Who Is Julia Kristeva?

Curated by TheCollector
julia kristeva portait with painting

 

Julia Kristeva is a name that often gets bounced around in conversations about contemporary theory and philosophy. But who, exactly, is Kristeva, and why is she so important? Born in Bulgaria in 1941, she moved to France at the age of 23, and here she became a leader in philosophy, semiotics, psychoanalysis, and feminism. Her writing has encompassed various subjects including sociology, psychoanalysis, literary criticism and art history. She has also published more than 30 books and leading scholarly essays, and been awarded a series of prestigious prizes including the Holberg International Memorial Prize, the Hannah Arendt Prize, and the Vision 97 Foundation Prize. Let’s take a look at her life and work in more detail.

 

Julia Kristeva Is a Leader In Semiotics

julia kristeva portrait
Julia Kristeva, image courtesy of Good Reads

 

Throughout her career, Kristeva has pursued the subject of semiotics, or the study of signs, symbols and language. She trained in linguistics at the University of Sofia, before moving to France in the 1960s. In France, Kristeva became a member of the Tel Quel group, a band of French academics who published the literary journal Tel Quel. The journal gave Kristeva a platform to explore ideas around the politics of language. 

 

Two of Her Most Important Early Publications Explored Semiotics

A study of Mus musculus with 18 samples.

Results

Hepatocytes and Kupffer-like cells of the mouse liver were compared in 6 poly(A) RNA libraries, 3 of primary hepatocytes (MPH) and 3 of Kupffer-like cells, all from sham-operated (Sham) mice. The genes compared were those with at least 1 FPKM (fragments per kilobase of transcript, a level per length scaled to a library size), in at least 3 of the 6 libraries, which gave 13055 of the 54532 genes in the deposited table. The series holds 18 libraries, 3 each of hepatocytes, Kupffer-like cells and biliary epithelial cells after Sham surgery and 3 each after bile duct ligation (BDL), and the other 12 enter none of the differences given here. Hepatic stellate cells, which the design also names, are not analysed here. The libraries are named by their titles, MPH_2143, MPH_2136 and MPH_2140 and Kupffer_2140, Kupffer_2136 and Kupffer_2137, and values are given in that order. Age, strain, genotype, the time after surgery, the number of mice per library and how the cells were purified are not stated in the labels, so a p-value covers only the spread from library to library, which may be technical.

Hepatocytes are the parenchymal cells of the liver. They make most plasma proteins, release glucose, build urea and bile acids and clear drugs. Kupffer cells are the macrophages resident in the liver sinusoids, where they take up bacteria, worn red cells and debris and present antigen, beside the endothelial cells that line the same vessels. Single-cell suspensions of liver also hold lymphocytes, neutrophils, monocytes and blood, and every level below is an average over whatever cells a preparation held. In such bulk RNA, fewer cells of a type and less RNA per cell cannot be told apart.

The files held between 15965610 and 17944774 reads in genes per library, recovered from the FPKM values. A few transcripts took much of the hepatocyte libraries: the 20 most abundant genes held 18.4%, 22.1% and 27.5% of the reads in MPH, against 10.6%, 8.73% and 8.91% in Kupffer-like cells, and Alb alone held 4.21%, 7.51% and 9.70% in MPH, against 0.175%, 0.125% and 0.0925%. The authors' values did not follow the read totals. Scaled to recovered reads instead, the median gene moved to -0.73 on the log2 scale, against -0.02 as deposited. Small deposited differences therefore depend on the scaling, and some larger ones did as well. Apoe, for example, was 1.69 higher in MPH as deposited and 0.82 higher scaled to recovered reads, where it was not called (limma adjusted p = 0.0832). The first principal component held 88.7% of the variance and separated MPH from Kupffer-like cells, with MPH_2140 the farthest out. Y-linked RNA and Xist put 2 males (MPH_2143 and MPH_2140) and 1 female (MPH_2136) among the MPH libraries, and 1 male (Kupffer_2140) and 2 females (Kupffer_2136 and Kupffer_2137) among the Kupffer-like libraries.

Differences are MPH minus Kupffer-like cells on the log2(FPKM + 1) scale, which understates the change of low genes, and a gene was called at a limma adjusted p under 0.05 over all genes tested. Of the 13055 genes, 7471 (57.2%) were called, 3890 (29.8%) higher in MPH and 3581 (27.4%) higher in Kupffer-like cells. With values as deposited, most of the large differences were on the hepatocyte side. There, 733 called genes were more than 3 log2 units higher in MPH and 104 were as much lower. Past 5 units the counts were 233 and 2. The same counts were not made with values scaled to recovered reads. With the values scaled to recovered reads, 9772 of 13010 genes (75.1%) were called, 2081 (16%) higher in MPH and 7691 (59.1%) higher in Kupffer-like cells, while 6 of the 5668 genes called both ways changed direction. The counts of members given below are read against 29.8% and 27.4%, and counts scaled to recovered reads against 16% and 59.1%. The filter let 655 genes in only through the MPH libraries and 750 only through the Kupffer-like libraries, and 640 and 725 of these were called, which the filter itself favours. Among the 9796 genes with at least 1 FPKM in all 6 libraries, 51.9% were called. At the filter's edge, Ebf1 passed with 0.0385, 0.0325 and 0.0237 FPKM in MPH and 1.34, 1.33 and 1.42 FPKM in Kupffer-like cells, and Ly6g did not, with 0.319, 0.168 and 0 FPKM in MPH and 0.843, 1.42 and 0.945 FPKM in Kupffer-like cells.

Kristeva’s early work with Tel Quel became the foundation for her first two publications, Semeiotikè (1969) and La Révolution du langage poétique (The Revolution of Poetic Language) (1974). These texts drew on Freudian, Lacanian, and Kleinian psychoanalysis, examining how language, culture and ideologies are built out of unconscious body and gender-based dimensions. Further training in psychoanalysis in the 1970s deepened Kristeva’s belief that unconscious emotions and feelings are intertwined with the meaning invested into our forms of communication.

 

After the Birth of Her Son, Julia Kristeva Became Increasingly Interested In Child Psychology


 


 

Kristeva Wrote About the Role of Abjection In Adulthood


 

Some of Kristeva’s most graphic and disturbing writing explains how we experience the “abject” as adults. She outlines the kinds of horrible, unappealing objects, smells or experiences we naturally reject, such as milk-skin, fingernail clippings, dead bodies, human waste and so on… Not the most enjoyable read. But it does give us a fascinating insight into the workings of the human mind, and the way we respond to external stimuli outside our own body. 

 

Julia Kristeva Is a Leading Feminist


 

Among her many achievements, Kristeva has been recognized as a leader in feminist theory. She has written extensively about women’s bodies, particularly in relation to motherhood, and the role they play as a primal source of rhythm, tone and movement for every human being before it comes into the real world. One of her most important feminist essays is Women’s Time (1979). In this work she argues there are three types of feminism. The first, which seeks universal equality, overlooking any sexual differences. The second phase emphasizes a uniquely feminine language, which she ultimately disregards as impossible, because she believes gender is too diverse to easily categorize. The third phase of Kristeva’s feminism explores multiple identities, suggesting there are as many different kinds of sexualities are there are people. It’s a fascinating theory that is particularly relevant for today’s culture, which has opened up many debates about the complexities of gender, sexuality and identity.